My fellow journalists, afro-journalists, and all others who have the passion of writing for hire—we need to take notes on this example of what NOT to do. The breaking news: Brian Williams has left the NBC Nightly News, permanently. Williams has been the face of NBC and a beloved journalist to the audience that tuned to his show for 22 years.
But in February, Williams rattled the media world when he publicly admitted to lying about explicit details in an event he covered in Iraq in 2003 at the end of his nightly show. As journalists, we struggle to find the breaking news story that will make our name more memorable than the next reporter. This is a competitive market with the best and most determined deemed to succeed, so the pressure clearly got the best of Williams.
I hate to say I could foresee what would happen as a result of his contempt, but it was almost a no-brainer. We have seen it many times before (look up: Jayson Blair, Carl Cameron, Stephen Glass, Janet Cooke, Mike Barnicle, etc.) and it never ends well for these professionals. So why has this become an almost (embarrassingly) normal occurrence? Because the names I mentioned are just a few. We just have to remember that, journalists should build their careers off of being accurate and dependable. Accuracy and dependability will bring credibility. Once credibility is established, popularity will increase. And that is where many journalists would like to be. It’s how they get paid (big bucks, anyway).
Brian is down, but he is not out!
This guy may have gotten the best deal of any corrupt journalist’s career! Though Williams’ actions were unforgettable and could not allow him to keep his nightly news anchor’s chair, NBC is not going to completely shut him out. The plan is blurry (in the works to possibly find him another position) but they have decided to keep him at NBC. The possibilities for Williams actually, are endless. NBC News is a branch of NBCUniversal, which is owned by Comcast, a huge network, so Williams may have a plethora of possible positions.
So when NBC decided a couple weeks after his announcement that Williams would be suspended without pay for six months, the value that Williams built with NBC over two decades was probably the only thing saving him from complete abandonment.
And I (personally) think that his chances of staying on air with the Nightly News would have been higher if this was his first mistake. However, when the investigations continued, they found more evidence of misstatements and exaggerations within about 32 of his other stories. He has been digging this hole for himself to climb down for decades. So it was over and his time was up. But 32 stories (I have to say that again) wow! How could he REALLY have gotten away with all his lies, white lies, and exaggerations, without a second look from NBC’s editors, producers, and other staffers.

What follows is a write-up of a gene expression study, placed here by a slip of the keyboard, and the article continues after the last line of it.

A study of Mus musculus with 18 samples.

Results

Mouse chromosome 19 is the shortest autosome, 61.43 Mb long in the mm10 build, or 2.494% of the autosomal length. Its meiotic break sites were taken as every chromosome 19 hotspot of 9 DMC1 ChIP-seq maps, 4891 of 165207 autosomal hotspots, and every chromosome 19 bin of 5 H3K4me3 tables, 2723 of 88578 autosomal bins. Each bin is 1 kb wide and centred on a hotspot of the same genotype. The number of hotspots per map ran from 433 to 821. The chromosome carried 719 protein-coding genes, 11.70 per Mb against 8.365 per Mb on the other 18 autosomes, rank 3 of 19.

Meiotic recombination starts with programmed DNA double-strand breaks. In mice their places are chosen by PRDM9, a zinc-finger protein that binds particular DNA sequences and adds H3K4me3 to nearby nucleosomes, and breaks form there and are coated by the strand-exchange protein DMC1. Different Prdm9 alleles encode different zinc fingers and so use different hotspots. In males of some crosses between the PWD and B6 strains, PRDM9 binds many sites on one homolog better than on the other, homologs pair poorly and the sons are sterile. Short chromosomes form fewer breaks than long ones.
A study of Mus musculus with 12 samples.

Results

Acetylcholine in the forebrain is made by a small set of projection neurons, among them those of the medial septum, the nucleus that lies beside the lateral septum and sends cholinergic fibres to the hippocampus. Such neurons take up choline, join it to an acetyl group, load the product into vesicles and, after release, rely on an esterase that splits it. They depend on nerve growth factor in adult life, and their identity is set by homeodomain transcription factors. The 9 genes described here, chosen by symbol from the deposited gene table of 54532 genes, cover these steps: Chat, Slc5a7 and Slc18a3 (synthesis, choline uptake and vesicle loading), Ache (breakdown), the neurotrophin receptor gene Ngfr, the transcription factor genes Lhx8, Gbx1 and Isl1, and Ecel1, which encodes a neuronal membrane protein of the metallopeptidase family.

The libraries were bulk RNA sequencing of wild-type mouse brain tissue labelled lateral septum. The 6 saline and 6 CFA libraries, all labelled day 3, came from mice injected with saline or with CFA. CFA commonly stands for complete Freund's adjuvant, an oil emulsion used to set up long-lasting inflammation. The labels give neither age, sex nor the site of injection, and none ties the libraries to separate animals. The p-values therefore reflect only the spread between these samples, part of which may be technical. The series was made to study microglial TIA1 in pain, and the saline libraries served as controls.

It is kind of hard believe and then makes me ponder…
Did NBC really know about the scandal?
There is speculation that although Williams was the conspirator behind his fabricated stories throughout his career, NBC knew about it the whole time. Eventually (let’s use Jayson Blair as an example), someone would have to realize that something is just not adding up with his stories. A copy editor’s main duty is to catch these type of mistakes before it is aired or published to avoid embarrassment or libel. But it did not take Blair over 20 years to be caught—and he was at The New York Times, a newspaper. A broadcast television network has much stricter regulations, so it should have taken much less time to discover errors. See where I’m going? Fellow journalists should understand. And I’m only formulating these educated opinions based on my time as a journalist in the classroom and professional offices.
So, in my opinion (which are not accusations, because I have no facts), this seems like it would be easier for Williams to go unobserved if he had others on his side. Williams was NBC’s prized possessions that brought overwhelming ratings and kept them competing with other networks that had Jon Stewart and David Letterman for example.
So why not keep him and make money? As long as Williams kept building the brand, those in charge chose to overlook his discrepancies. It was reported that the newsroom shorthand eventually became, “That’s Brian being Brian” with my assumption being, that’s him up to his normal “tactics” of keeping NBC booming with ratings. And once he revealed himself, the network cut him off. Unfortunately for Williams, NBC will probably be unaffected since they are an established brand and it is not easy to tear it down.
Soo…Who takes his place?
Lester Holt, the longtime understudy of Williams, will take his place as anchor of the NBC Nightly News. Holt has faithfully maintained the runner-up position for many years (he was the weekend anchor for “Today” show, “Dateline” and the “Nightly” show). Holt should realize one thing going into this coveted but yet intimidating seat in the front of the NBC cameras—do not lie about ANYTHING.
Holt will make history and become the first African-American solo host of a nightly news show. It is wise for him to be content with that history and to not be eager to obtain more fame. It will come if this is indeed the position for him.
What are your thoughts on this whole process?
- Should Williams have been fired from the Nightly News show?
- What position should he get with NBC (if any)?
- Will Lester Holt be a good replacement?